Immigration courts are smothered by work, but one may not find that particularly new or surprising. In fact the news has been around so long, one may find it rather mundane.
Yet the problem is getting worse and the moment may be close when the system finally snaps.
And that’s a big deal. Deportations? Asylums? Unaccompanied children? Forget it. The whole immigration enforcement would be paralyzed.
Immigration judges suffer “significant symptoms of secondary traumatic stress” and more burnout than prison wardens, according to a 2009 study funded by the University of California San Francisco Academic Senate.
At that time, about 230 judges carried a backlog of some 200,000 cases.
Fast forward six years.
Today some 230 judges face a backlog of over 430,000 cases.
The time it takes to complete a case increased from 430 days in 2009 to almost 600 days in 2015, according to data cruncher Transactional Records Access Clearinghouse at Syracuse University.
And the situation may get critical very fast, as almost half of the judges are eligible for retirement this year, according to Judge Dana Leigh Marks, president of the National Association of Immigration Judges (NAIJ).
“We have definitely heard from many of our colleagues that the deterioration in working conditions and increased pressures have made them choose to retire at their earliest possible opportunity, a change from their plans before things got this bad,” stated Leigh Marks in an email response.
“The number of immigration judges in the country needs to be probably tripled, at least doubled.”she said.
The Senate has tried to double up in 2013 but the House stopped the bill. The Justice Department requested 55 more judges for the next year but with Congress still stuck along its party lines it is unclear if Leigh Marks’s plea will be heard.
Though resources are sorely lacking, Leigh Marks has led the NAIJ in trying for years to present a cheaper alternative—restructuring of the system so judges could move the cases faster.
But it would require a massive change.
At present, immigration judges are not actual judges. They are considered attorneys hired by the Justice Department.
That puts the judges in a precarious position. Technically, their client is the Department of Justice (DOJ) and their impartiality goes only as far as the department’s regulations allow it to go. Simply, the courts are a part of the law enforcement, not judiciary.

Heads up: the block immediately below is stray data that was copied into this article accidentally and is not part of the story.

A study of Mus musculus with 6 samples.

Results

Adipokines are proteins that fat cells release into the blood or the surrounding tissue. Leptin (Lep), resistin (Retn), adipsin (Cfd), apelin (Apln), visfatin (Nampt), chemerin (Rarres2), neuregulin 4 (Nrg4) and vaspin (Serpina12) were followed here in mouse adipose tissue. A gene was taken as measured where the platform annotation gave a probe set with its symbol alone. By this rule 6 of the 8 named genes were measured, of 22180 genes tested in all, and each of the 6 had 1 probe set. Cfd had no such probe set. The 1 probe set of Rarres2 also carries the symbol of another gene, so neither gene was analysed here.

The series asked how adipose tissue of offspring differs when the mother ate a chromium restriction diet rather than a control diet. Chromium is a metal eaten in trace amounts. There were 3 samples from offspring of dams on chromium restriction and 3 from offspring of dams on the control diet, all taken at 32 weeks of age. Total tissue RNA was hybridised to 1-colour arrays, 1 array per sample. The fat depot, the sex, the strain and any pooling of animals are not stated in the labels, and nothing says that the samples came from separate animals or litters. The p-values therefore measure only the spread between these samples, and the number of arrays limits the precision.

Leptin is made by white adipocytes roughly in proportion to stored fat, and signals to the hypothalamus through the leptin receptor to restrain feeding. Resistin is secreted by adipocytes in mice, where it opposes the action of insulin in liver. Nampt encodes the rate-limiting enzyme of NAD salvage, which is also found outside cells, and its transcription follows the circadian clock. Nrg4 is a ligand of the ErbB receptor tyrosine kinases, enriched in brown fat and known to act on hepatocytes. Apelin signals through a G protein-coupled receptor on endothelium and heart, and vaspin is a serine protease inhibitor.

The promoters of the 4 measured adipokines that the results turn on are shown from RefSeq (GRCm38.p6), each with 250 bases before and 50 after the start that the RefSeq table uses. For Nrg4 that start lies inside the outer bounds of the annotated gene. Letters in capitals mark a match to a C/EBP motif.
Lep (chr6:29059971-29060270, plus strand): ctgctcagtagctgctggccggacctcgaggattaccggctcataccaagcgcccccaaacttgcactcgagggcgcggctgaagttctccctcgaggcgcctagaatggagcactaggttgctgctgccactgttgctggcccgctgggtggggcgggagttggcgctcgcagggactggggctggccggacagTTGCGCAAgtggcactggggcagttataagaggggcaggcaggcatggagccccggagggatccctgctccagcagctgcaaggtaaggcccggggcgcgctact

The DOJ asks the judges to be impartial, but their offices are sometimes right across the hall from the Department of Homeland Security (DHS) prosecutors. Sometimes the court even shares a building with the detention center where the illegal immigrants are held.
Moreover, their clients are not entitled to legal representation if they can’t afford it.
And perhaps most importantly, immigration judges cannot charge the DHS prosecutors with being in contempt of court.
This, seemingly a technicality, is a blow to effectiveness of the courts, according to NAIJ’s 2012 paper.
Charging lawyers with contempt of court is an important way for judges to maintain discipline. If a lawyer hinders the proceedings, even, for example, by coming unprepared, the judge may issue a warning, even a fine.
But since immigration judges can only charge the defense lawyers, some choose to not use the charge at all to prevent an appearance of bias, according to NAIJ.
As a last nail in the coffin, the courts are at the mercy of any DOJ administrative action, like last year when the department ordered the cases of unaccompanied children crossing the border to get priority.
Thousands of cases that may have been just weeks from closing were pushed months, or even a year back. Leigh Marks protested, arguing judges are the ones to make such a call. But under the current arrangement immigration judges just don’t have the power.
The results of this strange relationship under the DOJ are disheartening.
“Many Immigration Judges are too passive in their courtrooms, and both immigrants and due process suffer,” stated a 2012 report by the Appleseed, a network of public interest justice centers.
Leigh Marks suggests the immigration courts should be moved out of the DOJ and made into a separate system under the judicial branch of the government.
The judges would have more power to move the cases, morale would improve, and credibility of the system as well.
But Congress hasn’t shown interest in this solution for decades, mainly because it would cost money, Leigh Marks said.
Restructuring the system would cost money. Also, the judges would probably be paid 20-60 percent more to level they’re salaries with other federal judges. The government would have to provide attorneys to poor defendants.
Leigh Marks is not sure what the price tag would be, but said NAIJ plans to order a study on it. She’s confident though the move would save money in the end. After all, it costs over $150 for every day an illegal immigrant is detained waiting for the result of his or her case.